There are those who will ask you to go in and register, having you complete and sign the world of forms, only to never contact you with potential opportunities and, in most cases, it is hard to weed out such agencies however, some actually fulfill their commitment and will call or email frequently with offers. It is important that you also maintain regular contact with them so they know of your availability as and when it may change. I suggest you look into their success rate and see if your friends or family have had any experience with an agency you're thinking of registering with. Here are 3 that I can recommend:
SPECULATIVE APPLICATIONS consist of a covering letter and CV being sent to a prospective employer regarding a role you consider yourself to be suitable for which is not necessarily being advertised by that particular employer. Prior to sending such an application you will want to ensure you do the following:
- Research the company/organisation thoroughly
- Establish the name of the Manager, HR Manager or Recruiter
- Tailor your CV according to the speculative role you are applying for but, do not fabricate
- Draft a covering letter that is clear, to the point, including your reason for targeting that company
TARGETING POTENTIAL EMPLOYERS should be based on both your skills and interests. It makes no sense to send a spec application to Universal Music Group if your interest and skills in music is nil! For example, are you a confident and articulate speaker, a people's person who is well-presented and passionate about sales? If so, you might want to consider targeting retail companies. Make a list of what you are most interested in and your best skills then write down which type of jobs you feel they make you suitable for.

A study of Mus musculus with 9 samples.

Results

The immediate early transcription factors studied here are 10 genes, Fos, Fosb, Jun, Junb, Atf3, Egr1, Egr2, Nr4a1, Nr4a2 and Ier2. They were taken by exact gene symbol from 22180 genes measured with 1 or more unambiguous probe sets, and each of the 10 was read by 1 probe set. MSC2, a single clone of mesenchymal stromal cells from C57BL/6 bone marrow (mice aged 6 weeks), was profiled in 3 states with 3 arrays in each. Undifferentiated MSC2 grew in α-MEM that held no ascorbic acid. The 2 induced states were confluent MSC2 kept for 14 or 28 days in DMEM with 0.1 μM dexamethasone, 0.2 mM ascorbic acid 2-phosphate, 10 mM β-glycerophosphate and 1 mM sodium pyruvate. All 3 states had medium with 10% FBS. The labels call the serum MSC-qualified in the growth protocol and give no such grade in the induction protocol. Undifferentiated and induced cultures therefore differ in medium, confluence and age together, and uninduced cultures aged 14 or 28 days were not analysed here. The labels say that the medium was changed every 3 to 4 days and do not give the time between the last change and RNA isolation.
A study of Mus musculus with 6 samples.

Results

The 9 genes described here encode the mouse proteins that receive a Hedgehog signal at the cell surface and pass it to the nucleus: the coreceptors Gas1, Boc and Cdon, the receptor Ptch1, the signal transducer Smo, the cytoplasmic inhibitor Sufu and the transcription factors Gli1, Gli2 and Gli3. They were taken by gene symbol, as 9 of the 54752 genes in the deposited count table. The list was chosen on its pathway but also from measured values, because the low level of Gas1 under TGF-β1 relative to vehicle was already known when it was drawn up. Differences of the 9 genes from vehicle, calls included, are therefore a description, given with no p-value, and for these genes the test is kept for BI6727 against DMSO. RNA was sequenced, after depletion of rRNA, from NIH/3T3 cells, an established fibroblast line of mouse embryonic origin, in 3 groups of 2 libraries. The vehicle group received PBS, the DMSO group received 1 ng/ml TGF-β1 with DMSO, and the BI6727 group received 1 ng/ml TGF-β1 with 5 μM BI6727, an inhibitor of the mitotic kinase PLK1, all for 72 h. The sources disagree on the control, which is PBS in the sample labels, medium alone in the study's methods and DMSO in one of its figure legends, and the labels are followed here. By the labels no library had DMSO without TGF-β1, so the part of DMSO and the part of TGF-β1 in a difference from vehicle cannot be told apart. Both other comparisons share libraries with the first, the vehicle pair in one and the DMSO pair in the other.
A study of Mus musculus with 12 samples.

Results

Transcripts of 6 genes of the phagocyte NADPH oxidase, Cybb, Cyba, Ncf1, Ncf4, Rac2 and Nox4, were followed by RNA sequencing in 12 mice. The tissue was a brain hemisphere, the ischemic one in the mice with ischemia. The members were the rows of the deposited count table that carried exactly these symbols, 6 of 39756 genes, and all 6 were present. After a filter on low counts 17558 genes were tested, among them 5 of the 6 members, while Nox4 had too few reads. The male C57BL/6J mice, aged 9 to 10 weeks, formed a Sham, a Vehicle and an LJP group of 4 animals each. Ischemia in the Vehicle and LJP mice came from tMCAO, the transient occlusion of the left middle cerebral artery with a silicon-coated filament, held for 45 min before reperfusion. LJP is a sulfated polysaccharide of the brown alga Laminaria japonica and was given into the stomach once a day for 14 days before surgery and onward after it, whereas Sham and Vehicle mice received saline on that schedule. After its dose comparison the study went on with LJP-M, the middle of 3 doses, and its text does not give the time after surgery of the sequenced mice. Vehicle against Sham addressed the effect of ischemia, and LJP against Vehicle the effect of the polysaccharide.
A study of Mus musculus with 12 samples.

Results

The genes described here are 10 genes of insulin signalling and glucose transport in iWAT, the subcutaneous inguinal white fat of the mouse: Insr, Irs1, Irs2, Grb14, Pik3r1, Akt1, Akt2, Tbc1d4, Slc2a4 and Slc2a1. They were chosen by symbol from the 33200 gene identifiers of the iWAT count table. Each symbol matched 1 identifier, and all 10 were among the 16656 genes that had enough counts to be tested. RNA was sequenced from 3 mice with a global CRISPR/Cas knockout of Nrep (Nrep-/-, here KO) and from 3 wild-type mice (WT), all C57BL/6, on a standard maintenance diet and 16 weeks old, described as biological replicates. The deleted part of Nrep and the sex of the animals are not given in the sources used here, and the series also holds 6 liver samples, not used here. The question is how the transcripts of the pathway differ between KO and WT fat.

While it requires a huge amount of effort and time, it is worthwhile investing such into what could potentially be the right job (or stepping stone) for you with the possibility of both personal and professional growth long-term. Do not cut corners! Make sure you know exactly what the ethos is of each company and make sure it is one you share or at least believe in!!
You may feel you've got your game "on lock" in this area however, you'll be surprised by how much you forget, or simply don't do:
- Prepare your attire the day before - smart, comfortable, presentable, respectable.
- Plan for the inevitable - to give detailed yet concise and honest answers to questions. Also have 2-3 questions of your own.
- Prioritise the actual day - the interview should be the most important and you may be required for longer than you anticipate.
- Eat something light so that your tummy is lined and your energy is up!
- Exact location - it's always good to find the venue a day before and, if not, to allow more time than you think you'll need on the day itself
- Expectations - walk in with an open mind; be ready to learn more about the company and the role as oppose to expecting that having got yourself to the interview stage you'll get the job! No expectations, no disappointment. If not the job, you will leave with having learned something new that you can apply going forward.
|With Simone Powderly (on the right)|
I'm no expert folks, however, the tips shared in this post are those that I know work (from experience) and with so many tweeting, or talking about lack of opportunities, what to do and/or how to find work since the recession etc, I thought I'd share what has worked for me. I honestly hope this helps at least one person!!